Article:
It is hard to imagine a 24-hour race at the Nürburgring without Uwe Alzen. Not only would his countless fans miss the Nordschleife expert but also his rivals out on the track. Alzen is regarded as one of the absolute professionals in the “Green Hell” who repeatedly emerge successful from their tussles with what is probably the most demanding circuit in motor racing.
A fine example of this came last year, when he won the classic in the Eifel Mountains in a BMW M3 GT2 alongside Jörg Müller, Augusto Farfus and Pedro Lamy. As the final driver, Alzen used all his experience to guide the car to a 19th overall victory for BMW, despite a gearbox problem. This was the second time Alzen had crossed the line in first place at the 24-hour race: his first entry in the list of winners came in 2000 with Porsche.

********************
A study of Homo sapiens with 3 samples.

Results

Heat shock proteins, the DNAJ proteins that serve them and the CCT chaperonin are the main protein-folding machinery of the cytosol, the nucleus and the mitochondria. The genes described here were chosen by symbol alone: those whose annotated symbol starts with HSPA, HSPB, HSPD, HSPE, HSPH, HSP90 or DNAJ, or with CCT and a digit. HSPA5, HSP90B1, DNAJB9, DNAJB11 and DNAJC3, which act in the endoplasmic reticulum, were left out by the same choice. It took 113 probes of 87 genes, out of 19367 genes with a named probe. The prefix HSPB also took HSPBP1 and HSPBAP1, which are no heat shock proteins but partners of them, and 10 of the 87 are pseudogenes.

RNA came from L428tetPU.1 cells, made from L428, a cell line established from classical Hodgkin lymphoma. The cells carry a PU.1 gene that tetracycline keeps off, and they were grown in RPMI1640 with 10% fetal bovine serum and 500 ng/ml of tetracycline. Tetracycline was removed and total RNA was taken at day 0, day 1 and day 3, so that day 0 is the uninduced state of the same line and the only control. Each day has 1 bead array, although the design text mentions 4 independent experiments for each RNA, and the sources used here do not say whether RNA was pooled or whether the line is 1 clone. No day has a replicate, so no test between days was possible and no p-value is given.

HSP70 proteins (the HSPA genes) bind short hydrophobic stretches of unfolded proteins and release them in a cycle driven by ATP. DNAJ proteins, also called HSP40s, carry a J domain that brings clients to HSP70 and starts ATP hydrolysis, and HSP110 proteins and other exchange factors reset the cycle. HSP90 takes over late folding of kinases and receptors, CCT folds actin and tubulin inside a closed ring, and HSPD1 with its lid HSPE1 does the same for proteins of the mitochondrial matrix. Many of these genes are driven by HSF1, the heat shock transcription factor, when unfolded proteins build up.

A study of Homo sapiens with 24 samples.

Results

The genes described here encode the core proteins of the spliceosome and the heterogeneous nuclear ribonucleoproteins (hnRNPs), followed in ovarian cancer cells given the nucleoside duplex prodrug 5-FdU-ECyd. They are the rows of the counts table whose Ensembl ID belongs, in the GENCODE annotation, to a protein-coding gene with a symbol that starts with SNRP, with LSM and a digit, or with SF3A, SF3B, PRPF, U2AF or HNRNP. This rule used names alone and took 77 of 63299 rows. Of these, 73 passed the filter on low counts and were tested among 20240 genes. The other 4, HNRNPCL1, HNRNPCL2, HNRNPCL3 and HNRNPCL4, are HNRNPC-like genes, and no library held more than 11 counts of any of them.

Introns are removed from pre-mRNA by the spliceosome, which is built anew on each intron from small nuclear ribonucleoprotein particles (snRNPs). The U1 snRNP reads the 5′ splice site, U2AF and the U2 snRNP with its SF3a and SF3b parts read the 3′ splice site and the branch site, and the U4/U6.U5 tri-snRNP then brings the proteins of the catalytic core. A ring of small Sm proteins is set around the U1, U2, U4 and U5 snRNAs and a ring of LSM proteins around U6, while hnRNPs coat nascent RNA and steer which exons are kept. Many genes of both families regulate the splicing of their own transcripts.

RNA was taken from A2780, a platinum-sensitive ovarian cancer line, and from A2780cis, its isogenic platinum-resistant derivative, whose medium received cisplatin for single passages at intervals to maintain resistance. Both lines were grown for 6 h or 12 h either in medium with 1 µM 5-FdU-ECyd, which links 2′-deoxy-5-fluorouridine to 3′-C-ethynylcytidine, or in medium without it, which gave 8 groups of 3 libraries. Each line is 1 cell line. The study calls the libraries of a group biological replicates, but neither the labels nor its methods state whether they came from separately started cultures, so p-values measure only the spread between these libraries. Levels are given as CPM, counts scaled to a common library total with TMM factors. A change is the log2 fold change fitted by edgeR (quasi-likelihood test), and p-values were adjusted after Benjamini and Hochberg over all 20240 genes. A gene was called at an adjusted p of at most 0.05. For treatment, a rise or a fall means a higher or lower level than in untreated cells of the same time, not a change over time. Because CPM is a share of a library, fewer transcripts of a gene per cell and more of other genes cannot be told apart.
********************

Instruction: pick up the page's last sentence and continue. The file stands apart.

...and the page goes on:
Alzen practically has a place reserved on the top step of the podium at his home circuit. Thirty four class victories and nine overall wins in the VLN Endurance Championship speak for themselves. However, Alzen would never have become a complete racing driver had he not dared to look beyond his own backyard.
In 1993 he won the 24-hour race in Spa-Francorchamps and finished second overall at the classic in Le Mans in 1998 – by the side of Jörg Müller. He went on to win the GT3 class one year later. In addition, he also competed in the DTM for Opel and Mercedes, claiming a total of six victories. Alzen was triumphant on two occasions in the Porsche Carrera Cup (1992 and 2007) and won the Porsche Supercup in 1994.
When it comes to success, there is no compromise for Alzen. He can barely disguise his irrepressible ambition at the race track. In contrast, only one thing counts for him in the cockpit: utmost concentration. Combined with his talent and experience at marathon races, this makes him a true asset to the BMW Motorsport driving line-up.